When a property owner seeks to evict a tenant they always want to know how long the process will take. For most, the initial impression is that the entire action takes approximately forty-eight hours, or that an eviction is as simple as changing the locks. What many owners fail to realize is that even with expedited procedures in place, removing a tenant can sometimes take several weeks even if there is no opposition.
Florida law is very clear in that “self-help” eviction is prohibited. This means that it is illegal for a property owner to turn off the power, cut off the water supply, or change the locks. This is true even if there is no debating the fact that rent has not been paid. If a landlord utilizes self-help eviction he or she will face substantial penalties. Rather than use these tactics it is extremely important that an owner become familiar with Chapter 83 or hire a well-versed attorney to begin the eviction process.
Once a tenant fails to pay rent the first step is to send them a “three-day notice.” This notice serves to inform them that if the rent is not paid within three days then the lease will automatically be terminated. The three-day notice is not optional and courts will look for proof of compliance when an eviction is filed. Assuming the notice does not generate payment then the next step is to file a “complaint” with the court to seek possession of the property. A complaint takes approximately twenty-four hours to be processed and then a summons is issued. A summons is a document informing an individual that they have been sued and must be served on them before the case can move forward. Between the notice, the filing, and service of the summons you are most likely looking at approximately ten days having passed before you can move to the next step.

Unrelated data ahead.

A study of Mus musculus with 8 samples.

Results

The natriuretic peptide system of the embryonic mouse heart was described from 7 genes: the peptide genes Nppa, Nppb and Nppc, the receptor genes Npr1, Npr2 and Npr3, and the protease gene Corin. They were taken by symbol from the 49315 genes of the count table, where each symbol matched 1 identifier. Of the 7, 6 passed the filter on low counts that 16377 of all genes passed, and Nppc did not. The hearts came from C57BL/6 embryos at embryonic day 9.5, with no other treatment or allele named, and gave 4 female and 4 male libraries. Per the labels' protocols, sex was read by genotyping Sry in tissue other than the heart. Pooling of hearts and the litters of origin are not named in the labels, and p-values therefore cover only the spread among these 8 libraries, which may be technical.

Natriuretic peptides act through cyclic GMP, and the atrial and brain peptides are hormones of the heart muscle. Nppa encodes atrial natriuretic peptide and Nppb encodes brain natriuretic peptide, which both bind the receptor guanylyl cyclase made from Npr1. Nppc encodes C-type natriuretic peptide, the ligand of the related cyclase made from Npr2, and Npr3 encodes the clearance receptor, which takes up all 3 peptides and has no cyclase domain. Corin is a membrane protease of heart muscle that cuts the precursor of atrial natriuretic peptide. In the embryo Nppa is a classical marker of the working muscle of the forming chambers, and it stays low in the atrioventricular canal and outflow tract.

Fortunately, landlord/tenant allows for summary procedure which means that a tenant only has five days to file a response instead of twenty. Once the five days have passed, assuming there is no response, an owner can move for a default and request that a judgment be entered automatically. Although filing time can vary based on the Clerk’s workload, the average time for a default to be entered and a judgment to be signed is close to five days.
Now that two weeks have passed you can request that the Clerk issue a “writ of possession” which allows a deputy to physically remove anyone still occupying the property. The deputy will post the writ and then give the occupant twenty-four hours to vacate. Between the request, the posting, and the removal an owner is looking at an additional three days following the entry of the judgment.
Based on the estimates previously discussed, an owner can anticipate an uncontested eviction taking just under three weeks to complete. Obviously, if the tenant raises defenses and requests a hearing then the process can be delayed out even further. The best way to ensure that this delay is not encountered is to take steps to avoid the eviction in the first place. As someone who handles evictions on a regular basis I can say that most “problem” tenants have a history of non-payment, or a history of other negative acts. A thorough background check and insistence on first and last months rent will usually serve to remove any bad tenants from consideration.
If you are someone who is currently involved in a landlord/tenant dispute, do not hesitate to contact our firm in order to learn more about the process and more about your rights.